In defenseman Rasmus Ristolainen’s eight seasons in Buffalo, the Sabres have never sniffed the playoffs. In that ugly stretch, they’ve finished dead last four times, including this year, when they won just 15 of their 56 games.
So not surprisingly, Ristolainen, who has one year left on his contract, told Sabres general manager Kevyn Adams he’s open to being traded this offseason.
“Like I told Kevyn a little while ago, I just said, ‘I’m open for all the ideas,’” Ristolainen said on a Zoom call Monday as the Sabres held end-of-season meetings inside KeyBank Center. “Right now, it’s hard, obviously, because the season just ended. Yeah, I’m frustrated. I’m (ticked) and it (stinks). So I told him I’m open to all the scenarios, staying or if he trades me, I’m fine with that.”
Ristolainen, 26, hasn’t totally soured on the Sabres. Of course, he would feel better if they made some offseason moves. But he’s encouraged by how some of their top young players performed down the stretch under interim coach Don Granato.
“The way the younger guys played this year toward the end of the year, it gives you confidence about the future,” Ristolainen said. “But for me, I can’t go for another rebuild or wait multiple years. For me, we have to get to the playoffs next year. For me, it’s either here or hopefully then somewhere else.”
He added: “If nothing happens, I’m back here and (will) do anything I can to help this team.”
Four months ago, the Sabres possessed a strong belief they could end what has become an NHL record-tying 10-year playoff drought.
Adams signed winger Taylor Hall and traded for center Eric Staal, adding two decorated veterans to the Sabres’ young core. But after a 4-4-2 start, the Sabres imploded after their COVID-19 pause ended, losing 18 straight games.
Coach Ralph Krueger was fired. Hall and Staal, who struggled and contributed little on the ice, were traded.
“The way this year started, we all were excited,” Ristolainen said. “You saw the moves we made in the summer. I thought it was the best team since I’ve been here. It really (stinks) not making it. But, yeah, I don’t think we’ve been consistent enough. And that takes you to the playoffs. I think we played good here, and then you saw the next game is horrible. I think we need to be a lot more consistent.”
Ristolainen enjoyed one of his best seasons, compiling four goals, 18 points and a minus-18 rating while averaging 22 minutes, 17 seconds of ice time over 49 games.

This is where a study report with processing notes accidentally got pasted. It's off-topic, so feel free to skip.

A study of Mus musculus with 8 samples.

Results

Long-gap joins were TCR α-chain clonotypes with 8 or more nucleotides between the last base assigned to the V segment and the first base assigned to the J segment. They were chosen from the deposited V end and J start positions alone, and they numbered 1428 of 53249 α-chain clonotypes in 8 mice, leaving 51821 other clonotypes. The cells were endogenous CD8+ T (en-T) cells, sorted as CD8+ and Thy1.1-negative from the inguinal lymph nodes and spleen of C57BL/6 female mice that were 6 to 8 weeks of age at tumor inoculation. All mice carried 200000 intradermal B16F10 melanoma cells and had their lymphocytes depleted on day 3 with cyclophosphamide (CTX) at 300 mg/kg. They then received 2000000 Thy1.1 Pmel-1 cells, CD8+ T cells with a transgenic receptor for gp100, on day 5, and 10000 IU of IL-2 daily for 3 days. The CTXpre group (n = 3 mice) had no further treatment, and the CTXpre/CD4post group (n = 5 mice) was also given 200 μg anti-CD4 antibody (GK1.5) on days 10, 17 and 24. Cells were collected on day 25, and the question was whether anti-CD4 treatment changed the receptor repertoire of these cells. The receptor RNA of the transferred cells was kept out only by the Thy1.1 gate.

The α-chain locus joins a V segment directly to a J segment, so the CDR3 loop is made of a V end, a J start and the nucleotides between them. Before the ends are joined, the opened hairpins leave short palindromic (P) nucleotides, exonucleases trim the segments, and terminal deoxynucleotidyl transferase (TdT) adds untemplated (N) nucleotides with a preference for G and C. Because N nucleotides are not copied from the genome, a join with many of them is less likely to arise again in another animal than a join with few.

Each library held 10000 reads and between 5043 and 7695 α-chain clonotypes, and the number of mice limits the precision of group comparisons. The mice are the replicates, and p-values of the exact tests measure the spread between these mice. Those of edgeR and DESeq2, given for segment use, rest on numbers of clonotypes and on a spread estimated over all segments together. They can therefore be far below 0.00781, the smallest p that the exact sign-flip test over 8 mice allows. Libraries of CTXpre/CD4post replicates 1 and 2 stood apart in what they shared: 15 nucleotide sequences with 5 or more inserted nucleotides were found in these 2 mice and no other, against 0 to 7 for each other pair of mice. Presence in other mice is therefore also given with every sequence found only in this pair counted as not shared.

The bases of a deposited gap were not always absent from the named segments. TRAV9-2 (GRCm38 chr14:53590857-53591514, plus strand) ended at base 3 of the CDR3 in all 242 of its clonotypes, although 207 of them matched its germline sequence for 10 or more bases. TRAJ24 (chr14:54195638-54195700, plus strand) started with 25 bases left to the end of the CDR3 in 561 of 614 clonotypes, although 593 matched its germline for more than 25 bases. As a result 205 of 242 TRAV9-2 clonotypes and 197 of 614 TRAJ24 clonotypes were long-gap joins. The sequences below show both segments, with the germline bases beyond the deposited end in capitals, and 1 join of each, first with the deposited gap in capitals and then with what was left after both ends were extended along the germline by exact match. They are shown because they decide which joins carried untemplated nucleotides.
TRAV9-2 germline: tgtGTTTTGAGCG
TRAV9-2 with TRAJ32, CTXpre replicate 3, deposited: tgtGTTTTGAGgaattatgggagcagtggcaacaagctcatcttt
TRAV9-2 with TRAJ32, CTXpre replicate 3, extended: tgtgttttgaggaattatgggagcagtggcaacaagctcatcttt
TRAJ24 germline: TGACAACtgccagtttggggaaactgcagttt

The Finn endured a miserable battle with COVID, struggling to even walk up the steps in his home. But following his return, he played his usual 20-plus minutes a night.
By the end of the season, he looked gassed.
“It’s hard to tell, like if you think the last few weeks of the season if I was tired because of the COVID or tired because of the busy season,” Ristolainen said. “But, yeah, it didn’t help. Right after the COVID it took me some weeks to get at least get back to almost 100%. So yeah, it was tough. I guess the possibility is that it’s still affecting myself, the game and everything.”
Sabres defenseman Jake McCabe, who suffered a season-ending right knee injury Feb. 20, said he plans to resume skating “as soon as July.”
“I should be full go for next season,” he said.
McCabe, 27, can become an unrestricted free agent this summer.
“I will continue to have discussions with Kevyn leading up to free agency to this point,” McCabe said. “Just kind of taking everything day by day.”
Sabres goalie Dustin Tokarski, who this season won his first NHL game since 2015, has been nominated for the Masterton Trophy by the Buffalo Chapter of the Professional Hockey Writers’ Association.
The Masterton is awarded to the player “who best exemplifies the qualities of perseverance, sportsmanship, and dedication to hockey,” according to the NHL.
Before he was pressed into duty March 22, Tokarski, 31, hadn’t played in the NHL since the beginning of the 2016-17 season. He ended up playing 13 times.
On April 15, he won his first NHL game since Dec. 12, 2015, stopping 27 shots in a 5-2 win over the Washington Capitals. It also marked his first victory since his late father, Mark, passed away in 2017.